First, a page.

Clach Brath, Baile Mor, Iona

Bullaun Stone:  OS Grid Reference – NM 286 244

Also known as:

  • Clacha Brath
  • Clachan-nan-Druidhean
  • Day of Judgement Stone
  • Druid’s Stone
  • World’s End Stone

Folklore

On this curious, broken, basin-shaped rock — thought by some to have at one time played a part in an old cross whose remains are in the Abbey Museum — are two deep cup-shaped hollows, in which were once “three noble globes of white marble” that were used for oracular purposes and were said to have originated in druidical rites.  In Miss McNeill’s (1954) survey of the island, she tells that:

“near the edge of the path leading to St. Oran’s Chapel, there lies a broad, flat stone, with a slit and a cavity on its surface. Here there used to lie some small round stones which pilgrims were wont to turn sunwise within the cavity; for it was commonly believed that the ‘brath’, or end of the world, would not arrive until this stone should be worn through.”

The small stones that were once in the Brath were ordered by the Church to be thrown into the sea; but local folk replaced them with three other small stones, maintaining the traditional rites of this stone until they eventually stopped sometime in the 19th century.  But in Major-General James Forlong’s (1906) study, he tells of a somewhat earlier mythic origin to this old stone, saying:

“In Iona the Druids are said to have made the flat altar stone called Clachan-nan-Druidhean, or Druid’s Stone, the stone of fate or of the last day, with round stones fitted into cup hollows on the surface, which the pious pilgrim turns round.  The world will end when the stone is worn through.  The Culdee monks preserved this monument.”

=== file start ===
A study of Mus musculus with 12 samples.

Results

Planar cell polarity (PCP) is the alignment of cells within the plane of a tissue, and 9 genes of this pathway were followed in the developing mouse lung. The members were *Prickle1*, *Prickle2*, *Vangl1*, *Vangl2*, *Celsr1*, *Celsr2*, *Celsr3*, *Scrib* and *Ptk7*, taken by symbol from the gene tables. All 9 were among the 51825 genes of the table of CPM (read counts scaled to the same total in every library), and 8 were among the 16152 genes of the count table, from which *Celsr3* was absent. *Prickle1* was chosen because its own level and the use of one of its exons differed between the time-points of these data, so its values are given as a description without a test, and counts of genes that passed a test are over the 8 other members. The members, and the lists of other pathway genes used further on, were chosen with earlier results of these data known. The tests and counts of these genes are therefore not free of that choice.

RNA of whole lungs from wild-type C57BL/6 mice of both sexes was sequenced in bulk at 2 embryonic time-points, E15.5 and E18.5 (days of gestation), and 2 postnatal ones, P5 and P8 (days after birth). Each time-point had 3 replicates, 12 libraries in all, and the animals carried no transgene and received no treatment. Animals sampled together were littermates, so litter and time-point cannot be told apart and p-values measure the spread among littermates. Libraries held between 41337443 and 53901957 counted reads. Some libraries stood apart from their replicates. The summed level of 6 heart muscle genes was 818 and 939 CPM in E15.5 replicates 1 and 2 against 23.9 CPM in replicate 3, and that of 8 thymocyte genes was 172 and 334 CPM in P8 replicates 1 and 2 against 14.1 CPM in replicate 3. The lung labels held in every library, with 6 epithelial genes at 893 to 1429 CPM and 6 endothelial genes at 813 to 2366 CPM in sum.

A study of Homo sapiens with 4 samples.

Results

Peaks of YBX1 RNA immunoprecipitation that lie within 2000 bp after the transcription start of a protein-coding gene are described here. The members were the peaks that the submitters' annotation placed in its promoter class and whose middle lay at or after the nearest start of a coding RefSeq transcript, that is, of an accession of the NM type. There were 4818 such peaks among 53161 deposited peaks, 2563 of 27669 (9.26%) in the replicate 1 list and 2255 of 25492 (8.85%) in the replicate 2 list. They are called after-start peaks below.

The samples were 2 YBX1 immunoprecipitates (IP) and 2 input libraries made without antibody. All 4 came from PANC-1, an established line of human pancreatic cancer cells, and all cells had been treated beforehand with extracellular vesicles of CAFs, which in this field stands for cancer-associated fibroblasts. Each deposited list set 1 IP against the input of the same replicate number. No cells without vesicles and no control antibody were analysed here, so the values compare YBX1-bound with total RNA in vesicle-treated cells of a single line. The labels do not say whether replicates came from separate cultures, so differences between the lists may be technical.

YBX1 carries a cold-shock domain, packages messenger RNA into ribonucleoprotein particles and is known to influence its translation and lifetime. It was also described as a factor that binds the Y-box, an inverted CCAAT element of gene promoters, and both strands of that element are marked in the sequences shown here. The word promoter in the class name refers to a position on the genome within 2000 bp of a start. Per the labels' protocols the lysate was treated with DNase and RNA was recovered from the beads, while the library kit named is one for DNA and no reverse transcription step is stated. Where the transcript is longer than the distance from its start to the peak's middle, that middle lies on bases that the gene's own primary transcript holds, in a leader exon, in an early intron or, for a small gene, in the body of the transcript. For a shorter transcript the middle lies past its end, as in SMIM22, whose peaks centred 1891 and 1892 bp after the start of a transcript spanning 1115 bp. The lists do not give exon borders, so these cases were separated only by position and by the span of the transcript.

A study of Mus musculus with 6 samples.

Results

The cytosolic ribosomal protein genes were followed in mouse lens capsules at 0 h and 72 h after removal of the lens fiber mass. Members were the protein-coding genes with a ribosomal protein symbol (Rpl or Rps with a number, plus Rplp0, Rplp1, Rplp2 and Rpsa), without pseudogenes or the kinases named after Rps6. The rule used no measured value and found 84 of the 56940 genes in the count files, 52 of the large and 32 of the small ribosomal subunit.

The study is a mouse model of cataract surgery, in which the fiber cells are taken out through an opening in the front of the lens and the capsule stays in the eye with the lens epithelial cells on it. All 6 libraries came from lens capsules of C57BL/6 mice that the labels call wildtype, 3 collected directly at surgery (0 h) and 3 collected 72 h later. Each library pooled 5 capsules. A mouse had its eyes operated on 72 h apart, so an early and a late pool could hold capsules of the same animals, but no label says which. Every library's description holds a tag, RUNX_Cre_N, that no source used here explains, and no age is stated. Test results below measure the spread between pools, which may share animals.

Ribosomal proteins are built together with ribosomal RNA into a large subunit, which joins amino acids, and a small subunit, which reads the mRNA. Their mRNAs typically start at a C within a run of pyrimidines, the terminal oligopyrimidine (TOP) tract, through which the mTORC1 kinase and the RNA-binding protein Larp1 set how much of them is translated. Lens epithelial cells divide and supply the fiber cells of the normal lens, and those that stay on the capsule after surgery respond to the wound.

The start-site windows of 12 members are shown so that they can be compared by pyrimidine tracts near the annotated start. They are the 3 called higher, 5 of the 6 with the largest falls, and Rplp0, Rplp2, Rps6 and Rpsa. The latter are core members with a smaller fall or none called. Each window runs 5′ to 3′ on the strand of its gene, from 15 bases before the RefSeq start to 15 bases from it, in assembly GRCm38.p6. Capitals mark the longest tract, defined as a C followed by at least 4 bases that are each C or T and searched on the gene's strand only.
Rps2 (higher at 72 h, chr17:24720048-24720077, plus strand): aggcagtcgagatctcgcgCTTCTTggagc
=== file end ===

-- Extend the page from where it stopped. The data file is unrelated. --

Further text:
And what little is left is still preserved to this day.  Though I still reckon the “end of the world” motif was something grafted onto and over an earlier myth by the incoming christian cult, as they did tend to invert or impose badness where once was heathen magick.

References:

Forlong, J.G.S., Faiths of Man – volume 1, Bernard Quarithc: London 1906.
Holder, Geoff, The Guide to Mysterious Iona and Staffa, Tempus: Stroud 2001.
McNeill, F. Marion, Iona: A History of the Island, Blackie & Son: Glasgow 1954 (4th edition).

© Paul Bennett, The Northern Antiquarian


Occultist, prehistorian and independent archaeological researcher, specializing in prehistoric rock art, Neolithic, Bronze Age & Iron Age sites, and the animistic cosmologies of pre-Christian & traditional cultures.
This entry was posted in Argyll & Bute, Bullaun, Cup-and-Ring Stones, Hebrides, Inner, Iona (Isle of) and tagged , , , , , , , , , , , , , , , , , . Bookmark the permalink.

1 Response to Clach Brath, Baile Mor, Iona

  1. Howard Brass says:

    Are there photos of the clachan brath online anywhere?